In the spring of 1921, William Butler Yeats was at work on a poem he was calling “Thoughts Upon the Present State of the World.” He told a friend and former lover that he was “writing a series of poems…ot philosophical but simple & passionate, a lamentation over lost peace & lost hope.” Yeats had been living in Oxford since his marriage three years earlier. As he explained to his patron Augusta Gregory, he had decided against returning home because “the constant bad news from Ireland kills my power of poetical work…. I knew that if I did not get out of every kind of public life I would lose my poetical power.” Yeats did not mean that he lacked opinions: in February 1921, a few weeks after writing to Lady Gregory, he denounced British conduct in Ireland during an address to the Oxford Union.
Bad news had been frequent in Ireland for nearly a decade. In 1912 the British House of Commons approved a bill to give Ireland representative government—not independence, but what was called Home Rule. For Irish constitutional nationalists and their Irish Parliamentary Party (IPP), it was the fulfillment of decades of work. But the bill could not become law for two years. During the interlude Ulster Unionists organized mass meetings and militias to oppose it, and Irish nationalists created their own militias in response. In September 1914 the bill became law. By then, however, World War I had begun; another new law postponed Irish changes until the the war on the continent should conclude. The IPP supported the war, turning its militia into a recruitment vehicle for the British army. A smaller group of Irish nationalists refused, maintaining their own militia, the Irish Volunteers; a secret group within that group planned an armed uprising.
On the day after Easter 1916, that small group—which included the poet Padraig Pearse and the future Prime Minister Eamon de Valera—seized the Dublin General Post Office and other government buildings; they were soon removed by force. British administrators reacted hastily, executing sixteen of the rebels and incarcerating other nationalists—thus creating martyrs, as Pearse had hoped, and turning Irish opinion sharply toward the more radical nationalist party, Sinn Fein. Yeats wrote three poems in response to the insurrection, among them “Easter 1916” (“A terrible beauty is born”), but chose not to publish any of them at the time.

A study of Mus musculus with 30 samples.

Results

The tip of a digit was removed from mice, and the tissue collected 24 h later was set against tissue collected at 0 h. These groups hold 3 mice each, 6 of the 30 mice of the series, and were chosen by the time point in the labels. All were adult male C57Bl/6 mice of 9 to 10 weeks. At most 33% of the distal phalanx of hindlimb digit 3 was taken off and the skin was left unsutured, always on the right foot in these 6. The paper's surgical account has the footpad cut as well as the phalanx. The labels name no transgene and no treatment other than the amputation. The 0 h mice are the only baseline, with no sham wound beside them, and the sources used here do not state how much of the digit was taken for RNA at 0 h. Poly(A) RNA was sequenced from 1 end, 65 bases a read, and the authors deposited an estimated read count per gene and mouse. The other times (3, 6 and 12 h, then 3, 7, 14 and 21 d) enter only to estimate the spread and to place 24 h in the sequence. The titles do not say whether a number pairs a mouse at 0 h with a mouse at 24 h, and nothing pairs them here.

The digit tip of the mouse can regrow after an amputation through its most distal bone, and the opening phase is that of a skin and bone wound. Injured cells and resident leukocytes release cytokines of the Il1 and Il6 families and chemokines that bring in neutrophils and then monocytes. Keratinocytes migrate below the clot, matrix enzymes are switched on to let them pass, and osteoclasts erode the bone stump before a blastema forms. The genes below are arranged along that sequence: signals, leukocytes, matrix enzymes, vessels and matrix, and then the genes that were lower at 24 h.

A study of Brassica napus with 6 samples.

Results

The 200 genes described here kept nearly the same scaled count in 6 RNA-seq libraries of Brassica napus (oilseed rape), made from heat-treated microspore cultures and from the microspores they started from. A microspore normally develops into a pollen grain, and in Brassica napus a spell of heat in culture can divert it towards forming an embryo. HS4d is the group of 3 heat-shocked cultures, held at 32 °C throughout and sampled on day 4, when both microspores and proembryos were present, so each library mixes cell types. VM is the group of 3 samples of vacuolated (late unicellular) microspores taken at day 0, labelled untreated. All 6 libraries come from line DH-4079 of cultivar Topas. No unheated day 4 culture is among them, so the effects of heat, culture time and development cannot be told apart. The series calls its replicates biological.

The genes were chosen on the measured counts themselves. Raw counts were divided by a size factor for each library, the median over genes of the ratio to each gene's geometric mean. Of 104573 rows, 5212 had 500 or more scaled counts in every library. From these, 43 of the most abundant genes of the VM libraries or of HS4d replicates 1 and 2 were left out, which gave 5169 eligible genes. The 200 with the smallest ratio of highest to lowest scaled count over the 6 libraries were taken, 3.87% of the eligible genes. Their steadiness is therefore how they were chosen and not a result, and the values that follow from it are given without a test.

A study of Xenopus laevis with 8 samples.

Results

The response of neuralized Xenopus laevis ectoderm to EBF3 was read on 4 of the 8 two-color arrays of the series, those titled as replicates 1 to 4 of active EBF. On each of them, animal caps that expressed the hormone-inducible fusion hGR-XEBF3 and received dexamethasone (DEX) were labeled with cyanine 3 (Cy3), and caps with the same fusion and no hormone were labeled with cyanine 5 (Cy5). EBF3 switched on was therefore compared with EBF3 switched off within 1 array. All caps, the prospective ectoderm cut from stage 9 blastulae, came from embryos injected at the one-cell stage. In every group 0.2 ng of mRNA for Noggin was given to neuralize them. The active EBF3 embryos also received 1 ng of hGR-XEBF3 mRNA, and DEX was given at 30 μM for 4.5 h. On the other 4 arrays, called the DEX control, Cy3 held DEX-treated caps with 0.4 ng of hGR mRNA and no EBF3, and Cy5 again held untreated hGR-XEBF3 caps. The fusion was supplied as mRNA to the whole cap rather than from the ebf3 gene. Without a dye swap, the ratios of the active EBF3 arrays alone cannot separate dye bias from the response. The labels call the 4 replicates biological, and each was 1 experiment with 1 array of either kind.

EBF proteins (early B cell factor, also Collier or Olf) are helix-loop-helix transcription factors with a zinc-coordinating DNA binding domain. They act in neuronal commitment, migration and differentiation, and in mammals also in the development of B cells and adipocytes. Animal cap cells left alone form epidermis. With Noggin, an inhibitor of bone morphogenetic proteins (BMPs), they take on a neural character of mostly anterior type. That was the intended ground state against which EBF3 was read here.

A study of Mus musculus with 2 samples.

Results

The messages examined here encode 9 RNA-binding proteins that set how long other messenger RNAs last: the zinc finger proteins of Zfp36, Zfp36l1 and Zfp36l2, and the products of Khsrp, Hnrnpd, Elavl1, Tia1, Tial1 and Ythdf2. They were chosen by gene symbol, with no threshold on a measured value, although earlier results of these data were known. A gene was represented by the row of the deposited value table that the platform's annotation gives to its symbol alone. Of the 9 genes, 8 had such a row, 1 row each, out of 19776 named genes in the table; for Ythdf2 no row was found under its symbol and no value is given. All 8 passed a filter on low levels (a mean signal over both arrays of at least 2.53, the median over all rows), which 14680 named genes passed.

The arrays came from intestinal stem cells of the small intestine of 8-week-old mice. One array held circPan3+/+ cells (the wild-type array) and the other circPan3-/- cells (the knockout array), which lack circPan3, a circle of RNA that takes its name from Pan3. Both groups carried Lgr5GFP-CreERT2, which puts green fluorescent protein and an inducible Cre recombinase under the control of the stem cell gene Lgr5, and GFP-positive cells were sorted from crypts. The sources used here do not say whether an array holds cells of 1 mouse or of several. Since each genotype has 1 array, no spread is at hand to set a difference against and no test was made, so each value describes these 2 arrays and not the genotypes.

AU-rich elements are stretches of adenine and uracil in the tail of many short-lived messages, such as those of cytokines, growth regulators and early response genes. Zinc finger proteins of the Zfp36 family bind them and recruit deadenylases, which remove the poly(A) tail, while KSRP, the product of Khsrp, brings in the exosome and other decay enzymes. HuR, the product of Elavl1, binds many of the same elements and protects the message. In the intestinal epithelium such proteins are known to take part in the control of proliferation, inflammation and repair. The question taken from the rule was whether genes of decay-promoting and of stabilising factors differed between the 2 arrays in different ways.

In December 1918 Sinn Fein won most of the Irish seats in the British Parliament. It then established its own Irish government, while the Volunteers, renamed the Irish Republican Army, began to attack the police. British reinforcements, especially the notorious Black and Tans, former soldiers untrained for police work, tried to strike back, generating by 1920 the sort of tit-for-two-tats counterinsurgency now all too familiar in other parts of the world. Eileen Quinn, a young mother and family acquaintance of Augusta Gregory, was shot dead by Black and Tans; Gregory’s daughter-in-law was nearly killed by the IRA. The Irish War of Independence, also called the Anglo-Irish War, lasted until the Treaty of 1921 created the Irish Free State, less than a republic and more than Home Rule, minus the six Ulster counties that became Northern Ireland. Dissatisfied Volunteers resumed guerrilla campaigns; the Irish Civil War between a pro-Treaty army and anti-Treaty Irregulars continued until 1923.
In 1928 Yeats published The Tower, collecting—along with such now-famous poems as “Leda and the Swan”—the sequence once called “Thoughts Upon the Present State of the World,” rechristened “Nineteen Hundred and Nineteen.” It is an ambitious, ambivalent, magnificent, complicated and bitter poem, casting its frustrations in several directions: at the whole course of history, at individual bad actors and at the poet too, along with those who believed what he had once believed, those who allowed themselves to be surprised by the wars of the 1910s, in Ireland and on the continent, regardless of whether they could have worked to prevent them. Poets, in Yeats’s day as in our own, often claim that poems should try to shape political life, or else that poets should not dirty their hands with it. In 1915, in “On Being Asked for a War Poem,” Yeats claimed that he had “no gift to set a statesman right.” But his poems on Ireland say otherwise; they contemplate failures, not of poetry but of statesmen, politics and civilizations, of public life in all its forms. “The poet finds and makes his mask in disappointment, the hero in defeat,” he wrote in an essay of 1917, and so it is with his poems on public events, which imply—none more so than “Nineteen Hundred and Nineteen”—that political art can reach its zenith only when political action, as such, has failed.